He has his own shoe brand. He has his own reality show. Now, LaVar Ball has a rule implemented just for him by the Los Angeles Lakers.
The Lakers are enforcing “an existing policy” that no longer allows members of the media to congregate in a section of the arena among family and associates of players after games, according to ESPN.
Reading between the lines one can easily determine that this rule was made to restrict the outspoken LaVar Ball, father of Lakers’ rookie point guard Lonzo Ball.
Family, friends and agents wait for players in the seats behind the basket closest to the visiting team’s locker room at the conclusion of games but interviews conducted in that designated area and near the tunnel leading to the arena corridors are now forbidden.
In the past the media socialized and would sometimes interview individuals in that sector without interference. But, if a media member is recognized in that area moving forward then arena security or Laker staffers direct that he or she leave the area.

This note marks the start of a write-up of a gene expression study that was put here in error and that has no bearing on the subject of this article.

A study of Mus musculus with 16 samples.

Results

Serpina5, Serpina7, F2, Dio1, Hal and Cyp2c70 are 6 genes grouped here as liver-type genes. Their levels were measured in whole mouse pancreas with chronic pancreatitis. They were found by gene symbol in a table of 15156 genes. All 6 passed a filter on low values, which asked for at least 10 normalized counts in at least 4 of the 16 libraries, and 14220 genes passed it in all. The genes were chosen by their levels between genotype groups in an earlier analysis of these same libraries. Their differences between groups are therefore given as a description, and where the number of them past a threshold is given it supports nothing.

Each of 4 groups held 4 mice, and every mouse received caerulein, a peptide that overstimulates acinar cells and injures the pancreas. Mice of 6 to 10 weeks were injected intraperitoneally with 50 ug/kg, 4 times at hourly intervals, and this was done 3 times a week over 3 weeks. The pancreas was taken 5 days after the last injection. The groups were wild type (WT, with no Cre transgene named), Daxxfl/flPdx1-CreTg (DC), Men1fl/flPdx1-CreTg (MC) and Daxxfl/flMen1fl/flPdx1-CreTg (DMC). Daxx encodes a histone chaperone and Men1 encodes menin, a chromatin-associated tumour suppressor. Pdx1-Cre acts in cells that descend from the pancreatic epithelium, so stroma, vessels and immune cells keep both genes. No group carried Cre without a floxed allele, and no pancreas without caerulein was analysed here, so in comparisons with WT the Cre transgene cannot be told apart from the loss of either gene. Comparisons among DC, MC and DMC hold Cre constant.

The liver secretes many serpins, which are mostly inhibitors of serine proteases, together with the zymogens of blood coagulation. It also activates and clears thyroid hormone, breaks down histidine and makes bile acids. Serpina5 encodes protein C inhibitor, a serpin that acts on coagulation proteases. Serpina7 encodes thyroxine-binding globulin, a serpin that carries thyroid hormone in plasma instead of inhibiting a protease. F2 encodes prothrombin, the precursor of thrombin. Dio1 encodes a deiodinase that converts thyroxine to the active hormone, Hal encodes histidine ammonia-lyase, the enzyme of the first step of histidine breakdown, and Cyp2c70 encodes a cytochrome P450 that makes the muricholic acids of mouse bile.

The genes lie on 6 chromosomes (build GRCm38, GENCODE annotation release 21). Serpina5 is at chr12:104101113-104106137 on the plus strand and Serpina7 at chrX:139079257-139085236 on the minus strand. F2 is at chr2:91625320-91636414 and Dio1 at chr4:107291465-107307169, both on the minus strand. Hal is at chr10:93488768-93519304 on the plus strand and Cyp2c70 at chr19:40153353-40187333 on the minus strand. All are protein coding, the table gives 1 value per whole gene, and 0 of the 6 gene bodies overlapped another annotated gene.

“It’s not a new policy; it’s an existing policy,” a team spokesperson said in the ESPN report. “There has been more media presence in that area than before. That section is strictly for family and guests of players. It’s a privacy concern.”
Ball has been critical of the Lakers coaches at times, and most notably in November he commented that the coaches weren’t tough enough on Lonzo.
“They’re soft. They don’t know how to coach my son,” Ball told Bleacher Report. “I know how to coach him. I tell him to go get the victory. Stop messing around.”
Ball again made critical comments directed at Lakers staff and Julius Randle after the Lakers 127-123 loss in overtime to the Golden State Warriors.
In the postgame interview on ESPN, Ball said that Randle should have passed to Lonzo and questioned Lakers’ coach Luke Walton’s decision to call a timeout.
“I’ll tell you the crucial point. When Julius [Randle] got that ball at the end, he should have thrown it forward. Lonzo had a wide-open layup. Or 3-pointer. That’s game. It wouldn’t have gone to overtime. That was game … Julius tried to take too many dribbles, then they fouled him, or they called timeout. But if he would have thrown the ball ahead, coach wouldn’t have called a timeout. Even if he did, he can’t call it because the ball’s in the air. Lonzo’s running the lane, game over. That’s the best time to score.
“… But every time they score two 3-pointers, it’s a game of runs. Don’t call timeout, because that’s means you’re scared. You make two 3-pointers on me, I got two more to come…Do the Big Baller move. Don’t call no timeouts.”